Both TiVo and Comcast are claiming victory Tuesday after an administrative law judge working for the International Trade Commission (ITC) ruled that the cable company violated one of the technology vendor’s patents.
Administrative Law Judge McNamara ruled that Comcast infringed on TiVo’s claims made for Patent No. 7,779,011, “Method and system for dynamically processing ambiguous, reduced text search queries and highlighting results thereof.”
The ruling is similar to one rendered by the ITC back in November 2017, also in favor of TiVo and against Comcast. The resulting exclusion order from that ruling convinced Comcast to deactivate a remote recording feature in its X1 video platform.
However, Judge McNamara’s latest ruling still must be reviewed by the full ITC Commission before another formal exclusion order would be levied against Comcast.
“We are thrilled by yet another legal victory,” said Arvin Patel, executive VP and chief intellectual property officer at Rovi Corporation, a TiVo company, speaking in a TiVo statement. “This decision demonstrates Comcast's repeated infringement of Rovi’s patents. We hope that today’s decision will encourage Comcast to pay the necessary licensing fees so their customers can once again access advanced cable features.”
Notably, McNamara dismissed TiVo’s claims in regard to Patent No. 9,369,741, “Interactive television systems with digital video recording and adjustable reminders”; and Patent No. 7,827,585, “Electronic program guide with digital storage.” Claims made by TiVo on five other patents were thrown out earlier.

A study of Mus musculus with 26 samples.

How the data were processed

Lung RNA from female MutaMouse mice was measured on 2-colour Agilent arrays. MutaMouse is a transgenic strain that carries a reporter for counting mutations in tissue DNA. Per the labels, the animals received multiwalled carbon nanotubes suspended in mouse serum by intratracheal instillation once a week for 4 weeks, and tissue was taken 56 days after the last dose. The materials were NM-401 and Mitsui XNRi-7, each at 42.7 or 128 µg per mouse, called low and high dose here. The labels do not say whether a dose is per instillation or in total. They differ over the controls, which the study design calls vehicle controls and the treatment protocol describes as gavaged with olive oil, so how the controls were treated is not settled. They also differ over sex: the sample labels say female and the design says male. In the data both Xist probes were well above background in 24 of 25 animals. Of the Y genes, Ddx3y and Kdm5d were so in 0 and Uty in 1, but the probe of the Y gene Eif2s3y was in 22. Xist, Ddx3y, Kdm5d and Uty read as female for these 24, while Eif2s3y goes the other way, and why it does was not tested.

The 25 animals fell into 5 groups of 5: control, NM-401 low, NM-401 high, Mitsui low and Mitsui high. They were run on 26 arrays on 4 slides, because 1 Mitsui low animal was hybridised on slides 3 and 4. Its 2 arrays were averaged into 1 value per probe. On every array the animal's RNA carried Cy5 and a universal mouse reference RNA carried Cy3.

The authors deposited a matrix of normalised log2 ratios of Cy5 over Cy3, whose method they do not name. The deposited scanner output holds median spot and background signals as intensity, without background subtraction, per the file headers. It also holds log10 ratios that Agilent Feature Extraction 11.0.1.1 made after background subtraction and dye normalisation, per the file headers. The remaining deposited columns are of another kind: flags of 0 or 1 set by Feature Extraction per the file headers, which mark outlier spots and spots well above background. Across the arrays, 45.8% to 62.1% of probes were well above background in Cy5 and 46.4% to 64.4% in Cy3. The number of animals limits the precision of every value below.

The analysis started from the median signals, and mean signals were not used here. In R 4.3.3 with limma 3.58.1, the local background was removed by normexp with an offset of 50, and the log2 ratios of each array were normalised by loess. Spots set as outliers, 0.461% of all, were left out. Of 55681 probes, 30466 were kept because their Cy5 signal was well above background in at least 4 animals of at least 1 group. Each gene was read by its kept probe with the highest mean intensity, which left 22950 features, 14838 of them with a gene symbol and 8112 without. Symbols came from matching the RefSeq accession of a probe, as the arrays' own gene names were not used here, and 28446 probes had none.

“We view today’s initial determination to be a victory for Comcast because the administrative law judge found no violation as to two of the three patents addressed,” Comcast said in a statement. “We look forward to the full Commission’s review of the one remaining patent later this year, but we are confident, regardless, this ruling will not disrupt our service to our customers. Rovi also was unsuccessful on five other patents that it had previously withdrawn from this case. We will continue to resist Rovi’s efforts to force Comcast and our customers to make unreasonable payments for aging and obsolete patents.”
In the fight that spans not only the ITC, but multiple federal courts and several other jurisdictions, Comcast is coming off a string of victories against TiVo in the U.S. Patent Trial and Appeals Board.
But all TiVo needs is the occasional win, and the ITC has proven fruitful ground for the company.
Speaking to MCN last year, a TiVo attorney said the technology company’s goal is to litigate against Comcast over as many patents as it can, in as many venues as it is able. If Comcast is forced to disable too many X1 features, TiVo believes, it will be forced to settle.
As the only major pay TV company not paying TiVo royalties at this point, a victory by Comcast would undermine the rest of TiVo’s IP licensing business, the technology company surmises.
It's questionable how big a drip of blood TiVo would draw from this latest ruling.
An individual close to Comcast told MCN that if the full ITC Commission were to issue another exclusion order against X1 for Patent No. 7,779,011, the cable company’s users might not even notice if it stopped highlighting text in search results.
“It’s not like our customers would lose much,” the source said.
Regardless, TiVo seems determined to keep right on battling, with the tech company introducing half a dozen more patents for review by the ITC earlier this year.